Like much of the world, I was thrilled to hear on Monday that Pfizer’s COVID-19 vaccine was proving to be effective and could end up being available before the end of the year.
Sure, it seemed hopeful that there might eventually be an end to the pandemic in sight. But I was even more relieved by the fact that the news came out after the election, instead of before, when it could add to the confusing Republican rhetoric around the pandemic.
As a participant in the Pfizer trial, I had been following the progress closely and already knew the vaccine was nearly ready – but now many others also believed it was safe and effective and was making its way through the process without undue political pressure.
So why did I sign up to be a guinea pig?
Like everyone else, I was devastated by the thousands of people dying, the millions unemployed, the healthcare workers being exposed to the virus and the lack of a national plan.
As a Variety editor, I was also concerned for the entire entertainment industry – for the survival of theaters and concert venues, for the ability of crew to get back to work, for everyone who risks their lives to feed their families or themselves.
So in August, when I saw on an L.A. news station that there was an opportunity to be part of a vaccine trial, I decided to check it out. I had never experienced any effects from my annual flu shot, and I don’t have any underlying conditions, so I felt the risk was low. Just a few days later I had a phone call back, and after answering some basic questions I had an appointment for later in the week.
The trial clinic was headquartered in a vintage medical building on Wilshire Boulevard. A recent copy of Variety magazine in the waiting room seemed like a good omen. The first appointment was several hours long, but not particularly invasive – there was a COVID test, unfortunately of the nasty nose-swab variety, a blood test, a minor physical exam and some questions about my risk of exposure – how often did I go shopping, did I get together with friends or go into an office. I also made sure to inquire whether there had been any reports of serious side effects, and fortunately in the Pfizer trials, there had not.
Since the shutdown began, I had been working at home, shopping just once a week and only seeing occasional friends at a distance in our front yard. However, a few months into the pandemic, I returned to volunteering at SELAH Neighborhood Homeless Coalition, where we provide food and other services to unhoused neighbors from around the Silver Lake area. Apparently some combination of weekly Trader Joe’s trips and volunteering was enough potential exposure to qualify, and I received the first dose of the vaccine that same day.
I felt nothing after the first dose, and I posted on Facebook to say I had participated and that all seemed to be well. The response was surprising! People I barely ever hear from thanked me for being brave enough to enter a trial. I was horribly embarrassed to have so many people treat me like some kind of hero, when I’m just an average person who would like people to stop dying, but there was no point in protesting.
Up until that point it hadn’t even occurred to me that being in the trial was brave. I had never done anything braver than a brief and heavily supervised rappelling photo op on an Israeli cliffside.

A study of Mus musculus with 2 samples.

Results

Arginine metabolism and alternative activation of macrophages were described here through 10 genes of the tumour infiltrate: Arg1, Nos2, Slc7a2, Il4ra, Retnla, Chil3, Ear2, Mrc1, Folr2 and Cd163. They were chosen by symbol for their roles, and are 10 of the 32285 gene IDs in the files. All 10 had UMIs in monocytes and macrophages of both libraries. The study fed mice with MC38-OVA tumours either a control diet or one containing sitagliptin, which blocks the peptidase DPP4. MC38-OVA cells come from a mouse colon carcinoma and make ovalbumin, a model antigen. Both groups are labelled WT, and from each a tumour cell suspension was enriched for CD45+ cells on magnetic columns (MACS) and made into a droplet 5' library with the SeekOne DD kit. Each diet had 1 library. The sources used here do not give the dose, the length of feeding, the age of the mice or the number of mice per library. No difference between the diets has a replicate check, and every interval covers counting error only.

Healthcare workers are brave. The Zoom teachers and Zoom parents are brave. The Americans dealing with no way to pay rent or buy food for their children, largely because political leadership has been non-existent, are extremely brave.
But I do like trying new things, whether unfamiliar foods or new music. I’m also an impatient person, and I’m impatient for the pandemic to end.
What I really wanted was to help get our country back to some form of normal, whatever that may be. I really miss going to concerts and travelling. I also miss our Variety newsroom, and though we’ve done an amazing job of running an entire magazine virtually, it seems like we’ve also lost some essential part of collaboration and communication.
Since the trial participants are divided into a group that gets an active dose and a placebo control group, there was no guarantee I would get the active vaccine. But I felt like it couldn’t hurt to possibly have a lower chance of catching coronavirus — the first-person accounts of lingering, severe cases and serious continuing issues in people of all ages were absolutely terrifying, so I’d really like to skip that particular 2020 horror.
Three weeks later, I returned for a second dose. The next day, I didn’t feel so great. Much like some people who receive the flu vaccine, I was feverish, with a stomachache and an overwhelming desire to go back to bed. I called in sick and fell asleep. A few hours and two ibuprofen later, I was able to work the rest of the afternoon and was fine the next day. My friends seemed very concerned to hear this, as if not feeling well for a few hours was a sign the vaccine was harmful or suspect. But it made me feel encouraged, since three of the four people I knew who were doing the Pfizer trial had felt the same way the next day, so I suspected that four of us had gotten the real thing and the other had received the placebo.
I won’t know for sure until the vaccine trial unblinds, which could happen fairly soon. That means that if we got the real vaccine, they need to tell us so that those who got the placebo can then get an active dose. Until then and likely even after, I’ll continue to wear a mask and social distance and do everything else to help keep myself and those around me safe.
Even when vaccines start to be approved, the pandemic won’t go away instantly. How on earth can any drug company manufacture, and distribute hundreds of millions of something that needs to be kept in a deepfreeze and requires two doses? I suspect the Americans who can’t handle wearing a mask aren’t going to be jazzed about a stomachache, either. But it’s a start.